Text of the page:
King’s rhetorical skills were honed early in his professional life, as a seminary student in 1948. Born in 1929, King was the son of a reverend and sought to follow in his father’s footsteps. During his education, King soon began to realize the power of rhetoric and its ability to influence popular opinion. King became the pastor of his own church in 1954, when he was just 25 years old, where he began his professional practice leading a Baptist church in Montgomery, Alabama (Ling, 2015). At the same time, he also began studying toward a doctoral degree in theology and began to show signs of political activism. While working toward his degree, King became familiarized with the activism of Mahatma Gandhi in India, who preached a form of civil disobedience and nonviolence in protest of the Indian caste system. King recognized similar injustices being faced by African-Americans in the United States, and began to look for ways to protest social injustices being faced by all minorities.
King’s rise toward becoming a civil rights icon began in earnest in 1955. In December of that year, an African-American woman named Rosa Parks was arrested for not relinquishing her seat on a public bus to a white woman. During this time, segregation was mandated throughout the south, and the recent desegregation of public schools the year before had made the issue of segregation a particularly volatile political issue. King helped organize a boycott of the Montgomery public bus system, which lasted over a year. During this boycott, and due to the visibility of King during numerous protests, he formed his first political enemies as well: his house was firebombed by the Ku Klux Klan, and he was eventually arrested during one of the protests. However, his arrest culminated in a court ruling that effectively ended racial segregation on the bus system, which gained him nationwide recognition as one of the preeminent leaders of the civil rights movement (Ling, 2015).
Due to his work as a pastor, King was able to reach out to other Christian leaders, including white Christians such as Billy Graham, in support of civil rights. King’s message was one of positivity and nonviolence, in much the same manner as Mahatma Gandhi’s approach. King believed that violence would derail the civil rights movement, which was not a universally accepted idea throughout African-American communities. King also recognized that a message of hostility would only deepen the racial divide (Washington, 2006). Instead, King advocated for tolerance and equality above all else; he did not advocate submission nor confrontation during protests, but rather for a policy of civil disobedience. King’s strategy in this regard was that civil disobedience would be the best way to garner support of the American public. To this end, his strategy worked: television reports showing nonviolent protestors being aggressively arrested or attacked by law enforcement, including images of peaceful protestors being blasted with water cannons, made many Americans of all ethnicities sympathize with his political message.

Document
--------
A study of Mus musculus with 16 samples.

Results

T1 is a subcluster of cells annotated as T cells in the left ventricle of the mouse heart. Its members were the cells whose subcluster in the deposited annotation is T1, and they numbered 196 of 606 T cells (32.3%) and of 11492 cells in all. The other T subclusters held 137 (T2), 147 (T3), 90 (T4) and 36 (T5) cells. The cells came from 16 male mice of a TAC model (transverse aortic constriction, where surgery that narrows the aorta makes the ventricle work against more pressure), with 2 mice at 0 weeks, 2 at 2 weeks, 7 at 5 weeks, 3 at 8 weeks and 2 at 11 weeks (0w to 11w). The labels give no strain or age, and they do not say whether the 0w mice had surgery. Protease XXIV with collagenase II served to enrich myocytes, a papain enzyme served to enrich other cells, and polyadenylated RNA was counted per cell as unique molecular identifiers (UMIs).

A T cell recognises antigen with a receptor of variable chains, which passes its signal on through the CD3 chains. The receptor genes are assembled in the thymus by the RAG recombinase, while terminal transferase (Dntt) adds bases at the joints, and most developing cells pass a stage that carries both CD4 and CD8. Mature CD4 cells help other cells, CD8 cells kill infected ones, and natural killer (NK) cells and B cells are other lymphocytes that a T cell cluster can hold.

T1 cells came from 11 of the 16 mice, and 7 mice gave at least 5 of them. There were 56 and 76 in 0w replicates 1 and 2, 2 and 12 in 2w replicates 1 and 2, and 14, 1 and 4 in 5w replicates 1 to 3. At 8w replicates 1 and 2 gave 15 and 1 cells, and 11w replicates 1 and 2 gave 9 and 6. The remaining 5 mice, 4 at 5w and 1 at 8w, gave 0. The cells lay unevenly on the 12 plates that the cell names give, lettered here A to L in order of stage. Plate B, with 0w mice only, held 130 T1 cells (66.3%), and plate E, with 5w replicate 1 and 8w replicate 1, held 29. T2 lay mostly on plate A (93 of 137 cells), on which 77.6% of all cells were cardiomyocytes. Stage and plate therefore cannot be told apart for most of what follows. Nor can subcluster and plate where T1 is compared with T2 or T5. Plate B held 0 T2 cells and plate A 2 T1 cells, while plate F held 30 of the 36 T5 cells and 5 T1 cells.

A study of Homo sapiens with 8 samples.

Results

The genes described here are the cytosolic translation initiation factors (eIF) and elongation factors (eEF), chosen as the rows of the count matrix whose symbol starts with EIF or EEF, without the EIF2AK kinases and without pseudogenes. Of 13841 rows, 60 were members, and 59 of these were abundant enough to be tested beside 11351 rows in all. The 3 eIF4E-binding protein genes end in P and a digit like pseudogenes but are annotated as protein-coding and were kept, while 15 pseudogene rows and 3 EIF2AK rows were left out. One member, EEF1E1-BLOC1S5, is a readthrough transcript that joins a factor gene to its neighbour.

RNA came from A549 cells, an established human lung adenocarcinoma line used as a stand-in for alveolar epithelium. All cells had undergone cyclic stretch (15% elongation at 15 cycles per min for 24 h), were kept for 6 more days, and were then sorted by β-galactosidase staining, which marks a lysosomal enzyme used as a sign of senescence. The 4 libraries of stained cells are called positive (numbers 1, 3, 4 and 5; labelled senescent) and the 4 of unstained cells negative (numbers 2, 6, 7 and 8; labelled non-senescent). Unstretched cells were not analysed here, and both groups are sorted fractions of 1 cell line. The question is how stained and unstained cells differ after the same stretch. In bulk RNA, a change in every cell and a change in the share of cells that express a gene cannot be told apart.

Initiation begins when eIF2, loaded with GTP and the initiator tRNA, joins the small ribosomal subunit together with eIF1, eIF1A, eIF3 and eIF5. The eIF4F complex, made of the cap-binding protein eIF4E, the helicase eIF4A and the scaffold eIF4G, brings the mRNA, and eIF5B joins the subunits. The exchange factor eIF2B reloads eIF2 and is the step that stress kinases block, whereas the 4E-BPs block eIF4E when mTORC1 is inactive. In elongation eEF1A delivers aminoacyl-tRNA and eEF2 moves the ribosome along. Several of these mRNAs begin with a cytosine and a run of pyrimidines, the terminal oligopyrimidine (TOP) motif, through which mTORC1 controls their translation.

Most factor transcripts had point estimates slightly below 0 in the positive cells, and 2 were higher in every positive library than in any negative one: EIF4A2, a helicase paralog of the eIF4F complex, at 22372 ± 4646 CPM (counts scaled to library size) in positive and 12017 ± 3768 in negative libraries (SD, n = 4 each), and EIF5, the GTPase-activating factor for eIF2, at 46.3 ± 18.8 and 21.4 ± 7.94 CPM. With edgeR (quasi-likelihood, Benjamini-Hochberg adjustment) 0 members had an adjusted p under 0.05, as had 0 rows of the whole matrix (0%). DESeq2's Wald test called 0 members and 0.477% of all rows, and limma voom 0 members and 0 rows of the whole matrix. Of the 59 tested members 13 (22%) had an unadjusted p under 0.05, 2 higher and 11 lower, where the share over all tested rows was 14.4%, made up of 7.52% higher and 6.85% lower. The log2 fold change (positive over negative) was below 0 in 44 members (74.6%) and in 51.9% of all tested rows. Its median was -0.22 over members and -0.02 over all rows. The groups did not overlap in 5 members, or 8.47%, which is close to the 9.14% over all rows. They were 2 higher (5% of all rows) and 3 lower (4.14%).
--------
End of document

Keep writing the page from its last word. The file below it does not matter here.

King’s most iconic moment came during the March on Washington, which was a civil rights protest that saw approximately 250,000 protesters peacefully demonstrate in front of the Washington Monument (Washington, 2006). Held one hundred years after the Emancipation Proclamation was made by President Abraham Lincoln during the waning days of the Civil War, the March on Washington featured one of King’s most famous speeches, known as I have a dream, which called for a future in which individuals were judged solely by their character, rather than by the color of their skin (King III, 2008). The speech garnered widespread national attention, and has been attributed to being the catalyst for the passage of the Civil Rights Act of 1964, which effectively ended segregation and legal discrimination against persons of color. King was tragically assassinated four year later in 1968, at thirty-nine years old (Ling, 2015).
King’s leadership skills were largely influential in ending systemic racism as a matter of American policy, and his legacy of progressivism and advocacy of social justice continue to be celebrated and recognized today. His leadership skills can be seen in his ability to both write and deliver public speeches that swayed many to support the civil rights movement. His ability to organize and inspire others, such as during the Montgomery bus boycott and the March on Washington, helped publicize his cause and give the civil rights movement national attention. Additionally, his message of peace and nonviolence, even when confronted by others who used violence, helped the civil rights movement gain support by many white Americans, which was essential for meaningful legislation to be enacted. Thus, Martin Luther King, Jr., can be considered one of the United States’ most celebrated and influential leaders, as he was able to shift cultural acceptance of segregation and other racist policies toward a progressive and socially just future.
King III, M. L., & King, C. S. (2008). The Words of Martin Luther King, Jr. Newmarket Press.
Ling, P. J. (2015). Martin Luther King, Jr. Routledge.
Washington, J. M. (1986). The essential writings and speeches of Martin Luther King, Jr. HarperOne.